Rachelle Vinberg (credited as Rachelle Martinez) performs a trick at a what is presumably a New York City skatepark in a scene from the 2016 short film “Miu Miu Women’s Tales #12: That One Day” by Crystal Moselle. | COURTESY PHOTO
(Editor’s note: This is a new column reviewing films that can be found on the various online steaming services now available.)
This is a disaster. Heaven forbid you meditate and accidentally fall asleep — again.
I’m dealing with uninvited plus ones, coffee spills, and my high school government teacher scarfing down salami from the pre-packaged party trays.
Nobody seems particularly sociable tonight. Sporting their Tom Wolfe-like suits and corduroy dresses, the guests walk around mumbling to themselves.
As I politely excuse myself to scream into the abyss (“Damn you, REM sleep!”), an uninvited attendee nudges me: “Is that who I think it is?”
A hush falls over the room. Bill Murray, wearing a Garfield t-shirt (in my dream, he doesn’t regret making it), struts into the formal dining room and grabs the microphone (that somebody casually had on them). He goes straight into “Danke Schoen.” The ice shatters into a million pieces.
The sad-looking appetizers transform into Ina Garten-approved charcuterie boards. Guests are wearing things like jeans and asking things like “How are you?”
This is it. Of all the people, in all the cocktail parties, in all the world, he walks into mine. Ol’ Blue Eyes himself (sorry, Frank) sits down and has no choice but to listen to my faves (he cringes at the term “faves”).
“______ was snubbed. Big time.”
“Da 5 Bloods” (Spike Lee, 2020)
So, it’s going to be one of those awards seasons. The Spike Lee Joint follows four African American veterans, who return to and reunite in Vietnam to retrieve what they believe is rightfully deserved — and long overdue: gold and “Stormin’ Norman’s” (the late Chadwick Boseman) remains. From “Apocalypse Now” homages to a three-minute opening montage of 1960s footage, Lee toes the line between the real and the reel, emphasizing that the wars aren’t over — Vietnam and freedom. Look no further than every single scene Delroy Lindo graces us with as a disturbed, conflicted veteran to understand why his Golden Globes snub was downright wrong. His performance is a masterclass in acting.
“Oh, you don’t know the Holy Trinity? Allow me to introduce you to ______.”
“Miu Miu Women’s Tales #12: That One Day” (Crystal Moselle, 2016)
From the 12th “Miu Miu Women’s Tale,” Skate Kitchen and Betty were born. The short film captures Rachelle’s (Rachelle Vinberg, credited as Rachelle Martinez in the film) wonderland-esque day at the skatepark, showing up male skateboarders and skating with her dream female tribe. Also, notable, Moselle introduces us to her frequent collaborators and repertory-players cast: Vinberg, Moonbear, Dede Lovelace, Ajani Russell, and Nina Moran. When the betties perform tricks in their Miu Miu ensembles, chills. Literal chills. Every time I watch this, I want to try skateboarding, but I know gravity has different plans for me.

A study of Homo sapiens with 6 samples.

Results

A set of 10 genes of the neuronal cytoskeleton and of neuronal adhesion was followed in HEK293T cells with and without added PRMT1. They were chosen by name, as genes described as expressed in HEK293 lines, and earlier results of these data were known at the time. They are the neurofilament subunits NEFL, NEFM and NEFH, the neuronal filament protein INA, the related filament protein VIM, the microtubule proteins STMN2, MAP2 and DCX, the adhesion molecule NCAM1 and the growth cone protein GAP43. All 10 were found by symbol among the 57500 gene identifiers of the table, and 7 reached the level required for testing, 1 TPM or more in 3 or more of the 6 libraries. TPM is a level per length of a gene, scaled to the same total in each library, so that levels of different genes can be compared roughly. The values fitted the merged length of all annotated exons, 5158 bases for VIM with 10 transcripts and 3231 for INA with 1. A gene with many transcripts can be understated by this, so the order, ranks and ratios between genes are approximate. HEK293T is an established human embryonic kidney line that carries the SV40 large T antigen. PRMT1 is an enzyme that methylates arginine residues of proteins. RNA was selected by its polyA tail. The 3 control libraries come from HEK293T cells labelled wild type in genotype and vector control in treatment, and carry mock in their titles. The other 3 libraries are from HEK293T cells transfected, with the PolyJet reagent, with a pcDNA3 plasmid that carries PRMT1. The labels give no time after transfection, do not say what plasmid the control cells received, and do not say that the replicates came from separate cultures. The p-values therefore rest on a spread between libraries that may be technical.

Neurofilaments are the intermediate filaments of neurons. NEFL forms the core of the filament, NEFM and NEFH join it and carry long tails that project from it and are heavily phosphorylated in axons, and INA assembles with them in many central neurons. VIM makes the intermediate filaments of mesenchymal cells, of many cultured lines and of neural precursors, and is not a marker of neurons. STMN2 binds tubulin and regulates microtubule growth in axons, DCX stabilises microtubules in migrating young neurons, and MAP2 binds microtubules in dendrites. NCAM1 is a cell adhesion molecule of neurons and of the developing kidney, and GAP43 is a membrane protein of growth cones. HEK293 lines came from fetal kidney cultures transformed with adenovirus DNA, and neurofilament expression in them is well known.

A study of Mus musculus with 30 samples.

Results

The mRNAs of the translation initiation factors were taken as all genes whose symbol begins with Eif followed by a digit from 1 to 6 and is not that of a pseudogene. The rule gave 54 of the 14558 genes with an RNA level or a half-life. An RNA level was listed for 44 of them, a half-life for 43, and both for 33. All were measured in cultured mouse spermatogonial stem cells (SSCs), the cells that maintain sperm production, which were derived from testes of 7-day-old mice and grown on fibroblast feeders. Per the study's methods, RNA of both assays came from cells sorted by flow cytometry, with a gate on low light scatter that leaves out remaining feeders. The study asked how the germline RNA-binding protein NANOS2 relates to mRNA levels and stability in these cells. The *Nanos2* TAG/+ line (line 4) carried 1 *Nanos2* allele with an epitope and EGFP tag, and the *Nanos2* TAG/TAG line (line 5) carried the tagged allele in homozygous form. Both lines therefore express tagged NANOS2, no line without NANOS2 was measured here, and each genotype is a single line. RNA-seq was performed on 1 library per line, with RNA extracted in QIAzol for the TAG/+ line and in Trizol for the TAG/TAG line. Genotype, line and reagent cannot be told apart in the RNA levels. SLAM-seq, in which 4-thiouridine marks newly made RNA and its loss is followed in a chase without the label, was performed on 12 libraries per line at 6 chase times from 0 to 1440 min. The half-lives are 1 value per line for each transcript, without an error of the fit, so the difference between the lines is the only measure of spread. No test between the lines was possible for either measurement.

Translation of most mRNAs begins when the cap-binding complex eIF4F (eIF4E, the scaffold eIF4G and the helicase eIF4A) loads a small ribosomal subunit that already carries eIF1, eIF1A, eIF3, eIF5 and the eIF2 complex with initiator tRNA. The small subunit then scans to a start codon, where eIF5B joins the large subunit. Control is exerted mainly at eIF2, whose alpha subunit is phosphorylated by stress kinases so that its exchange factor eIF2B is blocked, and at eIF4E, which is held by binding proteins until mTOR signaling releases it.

“______ is so…Orwellian.”
“Boys State” (Amanda McBaine and Jesse Moss, 2020)
… Or Kafka-esque, since arguably no one really knows the definition or meaning of either. This award-winning documentary highlights four Texas high schoolers, vying for coveted seats in the Federalist and Nationalist parties at a week-long session dedicated to government education. Chaos (naturally) ensues. The unintentional genre-blending is just … wow. Comedy, melodrama, and horror — you can be the judge of the latter. It’s Texas, so gun rights, abortion, and Prius drivers are hot-button issues — for 17-year-old boys. Now, where is “Girls State”?
Watching this film is the cultural equivalent of raising your pinky finger and drinking something unaffordable. Whit Stillman’s directorial debut follows young Manhattan socialites (think well-spoken, less-fashionable Chuck Basses and Blair Waldorfs), who attend winter debutante balls and dive into uncalled-for monologues (that we enjoy anyway) while playing bridge and smoking cigarettes. The “urban haute bourgeoisie” adopt critical outsider-type Tom Townsend (Edward Clements), who struggles to understand or adjust to their lifestyle. Despite their superficiality, the yuppies are likable (it’s called exceptional dialogue). Put it this way: when Nick (Chris Eigeman) proclaims that “the cha cha is no more ridiculous than life itself,” I didn’t want to punch him.
“Hey, have you ever seen ______?”
“Dude, I recommended that to you years ago!”
“Spirited Away” (Hayao Miyazaki, 2001)
Face masks, yoga, and Miyazaki films. That’s what I call self-care. In the Studio Ghibli tour de force, Chihiro is left to fend for herself in an unfamiliar world of spirits, monsters, and steam baths after her parents are turned into pigs, working under the witch Yubaba to return to normalcy. Simply put, after 20 years, the anime holds up as the apex of animation and arguably, pure craftsmanship: intricately designed (hand-drawn!) frames, well-paced storytelling, satisfying character arcs, etc. Prepare to be blown away.
I look up. Bill’s gone. He didn’t even have the courtesy to whisper, “No one will ever believe you.” To add insult to injury, he only provided me with the first four digits of his automated phone line … 1-800.
Man, you got to love him.
Miranda Montenegro is an El Centro resident, a graduate of Southwest High School, and a March 2020 graduate of University of California Los Angeles with a Bachelor of Arts degree in English and concentration in Film, Television and Digital Media. Montenegro, who has interned at Sony Pictures Entertainment, Montecito Picture Company/Ghost Corps Inc., and Focus TV Network, has written and directed a couple of short films and is currently applying to graduate film school.